Aruba is launching the AOS-CX Switch Simulator, and this is the story behind the announcement.
In early 2017, we were preparing to launch our first CX switch, the CX 8400. This new switch included a brand-new operating system, AOS-CX.
The AOS-CX operating system was designed around the four cloud principles: modularity, resiliency, programmability and elasticity.
Modularity—Of the four principles, modularity is the key. All software systems are modular, in the sense that different functions are programmed as single sequences of code and then put together to form the overall software. However, the question is how autonomous are these modules; how do changes or failures in one affect the others? The answer is determined by how these modules communicate with each other to exchange information. For example, how do the modules implementing different routing protocols collaborate to create a single routing table? In AOS-CX, each module stores all of its data in a central repository called the state database. Then, when another module needs that information, it simply gets it from the database.
The state database centralizes information from the whole system, ranging from the amount of power provided by the power supplies, the temperature read by the internal probes, all the way to the OSPF neighbors and the current configuration of the different functions.
This approach is called a database-driven architecture.
Note: The state database is a data structure that exists in memory, so accessing it is extremely fast.
Resiliency—In a database-driven system, as long as the data exists in the database, the state of the module that produces the information does not affect the state of the others. In an extreme example, an AOS-CX module can be restarted without affecting the rest of the system. This is different from legacy operating systems, in which a single failure triggers a full reboot, rendering the whole system unavailable for at least several minutes.
Programmability—AOS-CX offers an application program interface (API) that makes the state database accessible from both inside and outside the system.
- External Access: An application or script running on another network station can log in to a CX switch and interact with the database to learn and change the state of the different software and hardware elements in the switch. Using the API, you can automate operations, collect data, and perform different types of analysis of the network behavior and state.
- Internal Access: In addition to the interface to external applications, AOS-CX hosts a Network Analytics Engine (NAE). The NAE is a platform that allows you to install scripts directly on the switch and monitor specific values in the state database, and whenever a certain condition is met, trigger one or more actions: collect information, store up to 12 months of data in a Time Series database to provide monitoring graphs and trend analysis, send a report to an external application, and even change the switch configuration. These scripts are called NAE agents and Aruba offers a variety of them covering multiple monitoring needs.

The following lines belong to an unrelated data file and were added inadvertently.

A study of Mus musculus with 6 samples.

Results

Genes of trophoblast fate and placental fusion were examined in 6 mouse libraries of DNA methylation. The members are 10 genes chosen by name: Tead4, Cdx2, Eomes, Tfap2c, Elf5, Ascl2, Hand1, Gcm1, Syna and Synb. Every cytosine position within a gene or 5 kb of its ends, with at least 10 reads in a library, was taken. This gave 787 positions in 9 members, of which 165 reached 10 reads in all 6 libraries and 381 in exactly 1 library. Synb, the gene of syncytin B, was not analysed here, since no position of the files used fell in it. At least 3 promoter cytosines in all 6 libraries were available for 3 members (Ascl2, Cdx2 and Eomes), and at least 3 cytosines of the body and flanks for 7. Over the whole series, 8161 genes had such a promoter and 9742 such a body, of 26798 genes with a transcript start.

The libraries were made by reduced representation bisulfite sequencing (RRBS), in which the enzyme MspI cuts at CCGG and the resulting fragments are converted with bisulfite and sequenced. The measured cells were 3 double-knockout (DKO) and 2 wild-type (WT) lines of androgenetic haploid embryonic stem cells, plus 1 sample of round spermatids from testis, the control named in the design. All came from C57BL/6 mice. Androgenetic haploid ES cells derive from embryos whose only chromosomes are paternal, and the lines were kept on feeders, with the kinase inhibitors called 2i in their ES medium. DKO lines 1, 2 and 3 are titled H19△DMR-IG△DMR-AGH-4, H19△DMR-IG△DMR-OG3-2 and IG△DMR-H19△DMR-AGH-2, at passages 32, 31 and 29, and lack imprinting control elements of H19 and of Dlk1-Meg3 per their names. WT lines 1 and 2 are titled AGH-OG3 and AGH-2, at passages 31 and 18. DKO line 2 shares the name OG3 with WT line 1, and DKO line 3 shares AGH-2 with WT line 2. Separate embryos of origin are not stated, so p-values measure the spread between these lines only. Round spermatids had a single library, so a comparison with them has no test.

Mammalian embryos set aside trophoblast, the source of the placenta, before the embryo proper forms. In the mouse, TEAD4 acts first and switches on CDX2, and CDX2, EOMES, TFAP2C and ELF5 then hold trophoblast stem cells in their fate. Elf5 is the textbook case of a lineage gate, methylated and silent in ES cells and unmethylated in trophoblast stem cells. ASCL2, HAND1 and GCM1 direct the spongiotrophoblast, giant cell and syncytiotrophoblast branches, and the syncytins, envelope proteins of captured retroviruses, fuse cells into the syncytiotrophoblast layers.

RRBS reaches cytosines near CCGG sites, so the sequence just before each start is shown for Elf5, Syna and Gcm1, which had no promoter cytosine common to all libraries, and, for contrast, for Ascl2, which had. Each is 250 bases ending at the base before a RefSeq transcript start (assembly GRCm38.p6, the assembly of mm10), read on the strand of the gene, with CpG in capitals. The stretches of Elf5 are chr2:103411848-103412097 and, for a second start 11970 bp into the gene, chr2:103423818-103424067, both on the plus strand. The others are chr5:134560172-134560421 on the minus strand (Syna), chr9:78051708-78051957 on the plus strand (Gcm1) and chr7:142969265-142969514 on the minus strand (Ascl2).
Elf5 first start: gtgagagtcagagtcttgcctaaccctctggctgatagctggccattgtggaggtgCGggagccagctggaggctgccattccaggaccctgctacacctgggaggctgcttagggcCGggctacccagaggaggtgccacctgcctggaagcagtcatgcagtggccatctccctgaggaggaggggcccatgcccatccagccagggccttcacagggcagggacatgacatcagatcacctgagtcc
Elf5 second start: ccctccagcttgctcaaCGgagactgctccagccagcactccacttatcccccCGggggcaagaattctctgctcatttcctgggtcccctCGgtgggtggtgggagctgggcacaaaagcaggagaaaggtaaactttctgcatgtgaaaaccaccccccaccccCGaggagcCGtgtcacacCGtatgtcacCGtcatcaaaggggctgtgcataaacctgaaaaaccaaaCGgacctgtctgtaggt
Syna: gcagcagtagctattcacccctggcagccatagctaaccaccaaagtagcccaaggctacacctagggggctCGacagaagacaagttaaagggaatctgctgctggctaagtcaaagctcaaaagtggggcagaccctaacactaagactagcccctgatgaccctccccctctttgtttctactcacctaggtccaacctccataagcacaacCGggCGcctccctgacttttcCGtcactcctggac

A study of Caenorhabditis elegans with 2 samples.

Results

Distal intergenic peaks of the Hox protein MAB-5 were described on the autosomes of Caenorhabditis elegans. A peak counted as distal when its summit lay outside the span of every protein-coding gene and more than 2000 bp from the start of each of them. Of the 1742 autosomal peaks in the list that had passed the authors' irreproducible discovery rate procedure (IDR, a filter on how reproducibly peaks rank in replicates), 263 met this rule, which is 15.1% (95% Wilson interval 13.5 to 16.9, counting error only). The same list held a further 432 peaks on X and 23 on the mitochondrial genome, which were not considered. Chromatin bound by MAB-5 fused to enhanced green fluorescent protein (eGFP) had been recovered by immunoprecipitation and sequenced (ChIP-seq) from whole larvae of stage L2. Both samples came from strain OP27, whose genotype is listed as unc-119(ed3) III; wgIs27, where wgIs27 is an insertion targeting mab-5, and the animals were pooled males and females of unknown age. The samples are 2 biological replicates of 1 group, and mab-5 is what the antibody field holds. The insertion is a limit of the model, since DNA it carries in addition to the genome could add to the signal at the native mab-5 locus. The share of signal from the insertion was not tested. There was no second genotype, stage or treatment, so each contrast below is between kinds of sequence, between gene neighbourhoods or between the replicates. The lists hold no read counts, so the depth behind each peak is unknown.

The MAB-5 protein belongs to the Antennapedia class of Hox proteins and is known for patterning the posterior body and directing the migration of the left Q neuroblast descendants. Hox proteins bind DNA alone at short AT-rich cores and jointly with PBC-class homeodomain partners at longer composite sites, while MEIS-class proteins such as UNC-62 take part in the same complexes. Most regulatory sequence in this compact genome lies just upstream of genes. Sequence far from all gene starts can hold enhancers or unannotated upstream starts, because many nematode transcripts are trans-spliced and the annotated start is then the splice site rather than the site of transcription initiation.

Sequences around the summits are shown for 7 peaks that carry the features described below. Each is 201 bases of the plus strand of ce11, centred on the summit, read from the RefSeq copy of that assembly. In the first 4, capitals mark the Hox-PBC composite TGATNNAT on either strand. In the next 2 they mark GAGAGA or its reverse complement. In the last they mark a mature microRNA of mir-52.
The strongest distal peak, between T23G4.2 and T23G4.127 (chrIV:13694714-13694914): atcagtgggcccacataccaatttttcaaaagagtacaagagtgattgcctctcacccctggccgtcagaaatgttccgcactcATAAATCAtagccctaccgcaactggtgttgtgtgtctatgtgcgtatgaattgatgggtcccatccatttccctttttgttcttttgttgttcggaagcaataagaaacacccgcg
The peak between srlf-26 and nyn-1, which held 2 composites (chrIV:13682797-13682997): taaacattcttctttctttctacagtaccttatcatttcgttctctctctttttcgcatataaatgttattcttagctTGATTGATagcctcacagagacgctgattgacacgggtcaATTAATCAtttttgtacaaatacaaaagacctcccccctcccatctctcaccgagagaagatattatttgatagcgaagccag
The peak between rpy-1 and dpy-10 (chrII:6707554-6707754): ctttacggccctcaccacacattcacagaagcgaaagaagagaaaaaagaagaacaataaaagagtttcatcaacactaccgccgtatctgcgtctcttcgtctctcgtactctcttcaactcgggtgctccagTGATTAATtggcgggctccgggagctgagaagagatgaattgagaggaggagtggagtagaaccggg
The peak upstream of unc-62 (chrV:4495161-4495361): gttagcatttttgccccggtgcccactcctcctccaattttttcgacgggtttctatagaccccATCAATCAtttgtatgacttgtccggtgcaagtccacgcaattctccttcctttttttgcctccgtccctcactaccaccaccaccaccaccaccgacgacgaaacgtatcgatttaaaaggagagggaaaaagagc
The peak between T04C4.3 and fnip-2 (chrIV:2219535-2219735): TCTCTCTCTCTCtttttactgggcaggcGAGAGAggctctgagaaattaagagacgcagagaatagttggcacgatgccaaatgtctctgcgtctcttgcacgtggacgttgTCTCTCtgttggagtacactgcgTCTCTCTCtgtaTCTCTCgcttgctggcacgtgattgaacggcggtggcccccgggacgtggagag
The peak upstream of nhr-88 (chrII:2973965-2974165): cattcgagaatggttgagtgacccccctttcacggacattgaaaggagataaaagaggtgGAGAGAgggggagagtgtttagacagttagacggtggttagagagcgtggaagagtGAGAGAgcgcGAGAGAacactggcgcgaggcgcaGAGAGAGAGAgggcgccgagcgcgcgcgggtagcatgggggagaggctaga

Elasticity—The AOS-CX operating system runs on many different switch series, independently of their size, network location (branch, campus, or data center), and role (access, aggregation, or core).
Back to the story...
With such a new and complex system, we realized that if we wanted to succeed, we had to first learn fast, and then enable our own engineers, and partners, at a very quick pace. Quite a challenge!
So, it was agreed that our software development team, along with developing the new OS from the ground up, was going to create a simulator. We called it "the OVA." The first version was in our hands around April, and we started experimenting with AOS-CX even though we didn’t have enough hardware.
My own first steps with CX were on the OVA, and by the time we got our first hardware prototype, I already knew how to use the CLI to configure most of the features, access the REST API and install NAE agents.
Today, AOS-CX is running everywhere—branches, campus access, aggregation, core, and data centers.
And a part of that success was because of the simulator. At that point, we were using it to enable more and more engineers. We reached a total of over 1,000 attendees in our simulator-based workshops, including Aruba pre- and post-sales specialists and partner engineers in the first 12 months.
As the simulator evolved, it became more user friendly, and we started sharing it with a larger community.
We are now making this network learning tool available to the public.
The AOS-CX Switch Simulator is the virtual machine version of the Aruba CX switch series. At its core, an ASIC simulator performs switching and routing functions with the AOS-CX operating system managing and controlling the device's operation.
With the AOS-CX Switch Simulator you can:
- Create your own virtual learning environment
- Connect different network topologies
- Configure networking features, technologies, and solutions
- Manage, automate and monitor devices and networks
And you can manage, monitor and automate your simulated network, using different software platforms, or create your own scripts.
How to access the AOS-CX Switch Simulator
The Aruba AOS-CX Switch Simulator is offered through the Airheads community. In the new Network Simulator community home, you will find detailed information, community-based support, links to the download site, installation guides, lab guides, and more.